Greek workers have started a 48-hour strike across the country in protest of tax and pension reforms as public and private sector union members walked out from their jobs on 6 May.
The proposed changes would see social security contributions rise, income tax for high earners increase, and a gradual phase out of top-up pensions for low-income earners.
The General Confederation of Greek Workers said these changes were the "last nail in the coffin".
Hundreds took to the streets to voice their anger at these changes. One of the protesters, Gerasimos Haritos, said, "They should take back these measures. These are not things that a supposedly left-wing government does."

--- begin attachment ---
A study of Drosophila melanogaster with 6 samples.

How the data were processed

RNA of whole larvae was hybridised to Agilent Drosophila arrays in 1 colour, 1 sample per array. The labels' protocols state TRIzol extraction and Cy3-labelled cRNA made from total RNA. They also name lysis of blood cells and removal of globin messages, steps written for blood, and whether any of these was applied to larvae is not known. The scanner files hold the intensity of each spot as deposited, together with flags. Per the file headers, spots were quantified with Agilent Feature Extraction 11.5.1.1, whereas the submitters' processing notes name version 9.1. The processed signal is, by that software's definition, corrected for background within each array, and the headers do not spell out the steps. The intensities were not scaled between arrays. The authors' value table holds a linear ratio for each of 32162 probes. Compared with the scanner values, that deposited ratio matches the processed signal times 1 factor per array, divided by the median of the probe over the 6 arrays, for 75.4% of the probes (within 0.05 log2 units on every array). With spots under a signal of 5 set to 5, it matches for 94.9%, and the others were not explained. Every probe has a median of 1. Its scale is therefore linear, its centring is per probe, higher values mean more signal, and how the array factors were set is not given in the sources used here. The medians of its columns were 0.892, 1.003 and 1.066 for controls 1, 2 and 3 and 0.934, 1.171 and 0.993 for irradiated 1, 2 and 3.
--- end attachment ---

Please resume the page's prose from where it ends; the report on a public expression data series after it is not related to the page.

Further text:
Bus, train, tram and ferry drivers all walked out in the city of Piraeus, as well as some civil servants and journalists. This has caused travel chaos in the area, with cars blocking up a number of main roads.
The Greek government are hoping to persuade creditors dealing with the country's debt to release some bail out funds with these changes. They need to pay off growing state arrears, IMF loans and ECB Bonds.
Labour Minister George Katrougalos said, "We are in a situation where the national wealth of the nation is much smaller, we are one fourth poorer than we were in 2010 - and we must distribute a smaller piece of pension pie. But for the first time it will be in a fair way. What does fair mean? Equal terms for all, not like the old political system where the future generation was paying the bill".
It is thought Greece currently owes around €5bn (£3.9bn, $5.7bn) to various countries and organisations. The changes will be voted on in parliament on 9 May.